Article Details
  • Written By: R. Bargar
  • Edited By: Jessica Seminara
  • Last Modified Date: 18 November 2017
  • Copyright Protected:
    2003-2017
    Conjecture Corporation

The body regulates iron intake from food, so iron toxicity usually results from supplements rather than dietary sources of iron. Supplements containing iron are used to treat anemia and as a part of prenatal care. One of the most tempting forms is children’s vitamin tablets with added iron. Poisoning symptoms begin when iron intake is as low as 0.00035 ounces per 2.2 pounds (10 milligrams per kilogram) of body weight, although the toxic dose varies by individual.

Iron toxicity is a leading cause of poisoning deaths in young children. People who require frequent blood transfusions are also susceptible to iron poisoning. Rare cases of intentional iron overdose in adults have occurred. Certain genetic diseases can cause chronic iron overload.


Several treatment options are available and depend on the severity of the iron overload. If caught quickly enough, pumping the stomach might be effective. A strong laxative can be given to cleanse the intestines. Severe overload is treated using chelation therapy that binds the iron to a chemical which is then excreted.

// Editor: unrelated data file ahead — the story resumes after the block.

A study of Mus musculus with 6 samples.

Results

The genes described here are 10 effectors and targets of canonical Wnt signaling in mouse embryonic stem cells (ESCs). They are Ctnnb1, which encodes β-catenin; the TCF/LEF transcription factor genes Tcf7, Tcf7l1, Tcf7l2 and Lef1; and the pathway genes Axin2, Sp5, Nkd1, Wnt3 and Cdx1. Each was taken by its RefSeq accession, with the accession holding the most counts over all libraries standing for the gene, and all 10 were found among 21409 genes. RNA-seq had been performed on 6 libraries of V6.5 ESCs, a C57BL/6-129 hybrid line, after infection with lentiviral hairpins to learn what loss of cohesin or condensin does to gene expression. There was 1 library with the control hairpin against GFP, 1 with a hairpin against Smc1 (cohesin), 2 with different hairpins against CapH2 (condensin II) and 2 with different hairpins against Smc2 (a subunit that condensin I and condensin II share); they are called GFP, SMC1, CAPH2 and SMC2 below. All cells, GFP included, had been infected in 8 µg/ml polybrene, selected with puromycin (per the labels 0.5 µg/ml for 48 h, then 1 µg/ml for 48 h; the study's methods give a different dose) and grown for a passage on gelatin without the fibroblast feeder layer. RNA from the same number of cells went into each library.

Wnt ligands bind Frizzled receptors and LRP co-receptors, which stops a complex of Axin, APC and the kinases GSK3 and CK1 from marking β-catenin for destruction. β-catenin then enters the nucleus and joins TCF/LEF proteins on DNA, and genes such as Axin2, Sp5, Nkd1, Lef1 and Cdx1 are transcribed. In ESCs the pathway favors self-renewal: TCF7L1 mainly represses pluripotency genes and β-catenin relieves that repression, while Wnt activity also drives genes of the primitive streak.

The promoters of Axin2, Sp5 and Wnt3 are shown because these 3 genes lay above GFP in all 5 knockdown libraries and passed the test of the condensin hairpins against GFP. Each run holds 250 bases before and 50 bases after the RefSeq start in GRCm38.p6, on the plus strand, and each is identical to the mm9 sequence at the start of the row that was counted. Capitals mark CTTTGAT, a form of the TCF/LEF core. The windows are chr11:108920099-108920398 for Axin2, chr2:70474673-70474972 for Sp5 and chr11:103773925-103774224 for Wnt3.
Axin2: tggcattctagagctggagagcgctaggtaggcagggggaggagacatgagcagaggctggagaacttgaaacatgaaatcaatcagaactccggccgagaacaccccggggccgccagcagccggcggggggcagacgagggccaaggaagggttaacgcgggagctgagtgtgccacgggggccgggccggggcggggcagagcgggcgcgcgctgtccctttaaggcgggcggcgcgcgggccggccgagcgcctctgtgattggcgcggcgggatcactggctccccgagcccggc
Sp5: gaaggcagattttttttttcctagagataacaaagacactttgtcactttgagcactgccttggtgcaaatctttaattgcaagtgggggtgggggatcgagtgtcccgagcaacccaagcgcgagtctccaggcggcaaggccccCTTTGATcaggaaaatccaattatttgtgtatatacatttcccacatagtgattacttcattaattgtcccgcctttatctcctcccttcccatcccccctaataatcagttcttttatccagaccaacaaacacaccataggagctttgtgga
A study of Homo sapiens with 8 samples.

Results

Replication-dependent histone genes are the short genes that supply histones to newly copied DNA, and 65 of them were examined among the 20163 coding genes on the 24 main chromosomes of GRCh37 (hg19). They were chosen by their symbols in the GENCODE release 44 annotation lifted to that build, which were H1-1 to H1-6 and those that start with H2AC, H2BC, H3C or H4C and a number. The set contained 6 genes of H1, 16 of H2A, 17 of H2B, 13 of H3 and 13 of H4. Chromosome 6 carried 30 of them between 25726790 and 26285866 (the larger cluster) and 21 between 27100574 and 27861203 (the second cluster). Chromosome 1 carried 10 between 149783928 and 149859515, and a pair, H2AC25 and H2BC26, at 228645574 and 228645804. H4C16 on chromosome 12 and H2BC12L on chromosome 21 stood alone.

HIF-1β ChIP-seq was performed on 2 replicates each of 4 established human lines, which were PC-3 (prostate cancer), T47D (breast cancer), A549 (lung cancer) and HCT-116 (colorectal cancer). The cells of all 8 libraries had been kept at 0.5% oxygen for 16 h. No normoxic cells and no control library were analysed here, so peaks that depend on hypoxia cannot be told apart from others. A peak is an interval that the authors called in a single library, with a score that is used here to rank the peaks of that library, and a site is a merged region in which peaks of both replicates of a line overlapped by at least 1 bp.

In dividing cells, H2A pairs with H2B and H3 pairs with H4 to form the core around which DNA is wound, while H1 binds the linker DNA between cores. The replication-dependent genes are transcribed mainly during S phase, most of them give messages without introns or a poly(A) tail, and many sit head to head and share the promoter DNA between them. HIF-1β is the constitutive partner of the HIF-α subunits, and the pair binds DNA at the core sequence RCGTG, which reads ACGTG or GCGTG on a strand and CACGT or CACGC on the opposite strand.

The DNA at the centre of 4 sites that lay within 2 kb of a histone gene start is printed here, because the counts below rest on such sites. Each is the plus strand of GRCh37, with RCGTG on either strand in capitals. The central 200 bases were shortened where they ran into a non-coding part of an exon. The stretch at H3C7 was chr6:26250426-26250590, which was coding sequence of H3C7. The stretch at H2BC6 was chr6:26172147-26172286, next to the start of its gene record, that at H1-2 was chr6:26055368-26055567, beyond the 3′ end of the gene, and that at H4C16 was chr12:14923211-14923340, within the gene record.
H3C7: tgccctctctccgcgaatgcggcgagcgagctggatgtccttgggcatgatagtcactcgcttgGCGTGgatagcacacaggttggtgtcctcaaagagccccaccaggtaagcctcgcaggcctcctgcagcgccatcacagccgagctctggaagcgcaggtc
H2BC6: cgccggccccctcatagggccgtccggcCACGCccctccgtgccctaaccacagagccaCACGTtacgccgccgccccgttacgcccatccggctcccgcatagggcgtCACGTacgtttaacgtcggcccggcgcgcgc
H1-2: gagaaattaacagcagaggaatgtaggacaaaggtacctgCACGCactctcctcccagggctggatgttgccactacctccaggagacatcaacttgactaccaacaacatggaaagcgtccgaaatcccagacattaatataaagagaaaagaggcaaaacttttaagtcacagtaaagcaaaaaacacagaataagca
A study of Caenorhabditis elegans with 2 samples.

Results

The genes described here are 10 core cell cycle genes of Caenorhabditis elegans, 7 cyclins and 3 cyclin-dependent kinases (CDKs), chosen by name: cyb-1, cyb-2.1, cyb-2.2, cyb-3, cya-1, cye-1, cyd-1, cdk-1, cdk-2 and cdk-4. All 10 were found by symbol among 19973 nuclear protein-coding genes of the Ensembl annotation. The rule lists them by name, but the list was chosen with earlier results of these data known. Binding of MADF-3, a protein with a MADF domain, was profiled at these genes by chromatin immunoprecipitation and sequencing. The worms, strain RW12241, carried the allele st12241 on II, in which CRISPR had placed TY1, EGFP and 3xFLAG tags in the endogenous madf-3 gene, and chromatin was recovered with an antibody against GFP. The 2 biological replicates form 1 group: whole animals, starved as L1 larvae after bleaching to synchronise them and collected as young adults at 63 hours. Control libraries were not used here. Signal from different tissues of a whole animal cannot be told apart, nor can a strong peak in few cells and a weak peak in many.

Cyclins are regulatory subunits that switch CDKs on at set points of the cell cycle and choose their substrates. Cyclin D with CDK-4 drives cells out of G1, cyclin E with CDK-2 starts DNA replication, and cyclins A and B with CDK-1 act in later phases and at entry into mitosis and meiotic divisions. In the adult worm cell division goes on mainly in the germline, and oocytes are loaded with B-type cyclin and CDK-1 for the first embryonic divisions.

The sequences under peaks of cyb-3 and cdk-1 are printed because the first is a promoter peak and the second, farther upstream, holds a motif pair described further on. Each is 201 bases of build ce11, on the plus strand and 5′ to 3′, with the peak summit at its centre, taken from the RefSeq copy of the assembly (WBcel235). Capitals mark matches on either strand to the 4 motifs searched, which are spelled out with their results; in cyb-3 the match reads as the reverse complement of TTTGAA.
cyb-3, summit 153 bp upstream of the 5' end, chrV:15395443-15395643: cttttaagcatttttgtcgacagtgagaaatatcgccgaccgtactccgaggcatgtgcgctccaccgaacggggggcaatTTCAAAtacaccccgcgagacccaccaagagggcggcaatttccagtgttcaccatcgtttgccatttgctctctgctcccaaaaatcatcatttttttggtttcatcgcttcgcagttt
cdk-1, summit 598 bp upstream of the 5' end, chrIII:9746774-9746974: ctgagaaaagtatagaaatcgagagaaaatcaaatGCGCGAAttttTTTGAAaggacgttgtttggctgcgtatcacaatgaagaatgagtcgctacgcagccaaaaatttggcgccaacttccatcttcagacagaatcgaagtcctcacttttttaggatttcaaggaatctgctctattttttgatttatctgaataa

Required by most forms of life, iron is a highly reactive atom capable of both accepting and donating electrons. This reactivity makes the essential element toxic when iron levels in the body are too high. Iron metabolism binds atomic iron to proteins to prevent it from chemically reacting with hydrogen peroxide to form cell-damaging free radicals. Bound iron is essential to many metabolic processes within the body.

Over half of the iron in the human body is found in hemoglobin, the oxygen-carrying molecule in red blood cells. Lack of sufficient iron can result in iron deficiency anemia. Iron is stored in the body to prevent deficiencies. It is found in the liver, bone marrow and the spleen where it is bound to ferritin molecules. Iron is also recycled in the body as old red blood cells are broken down.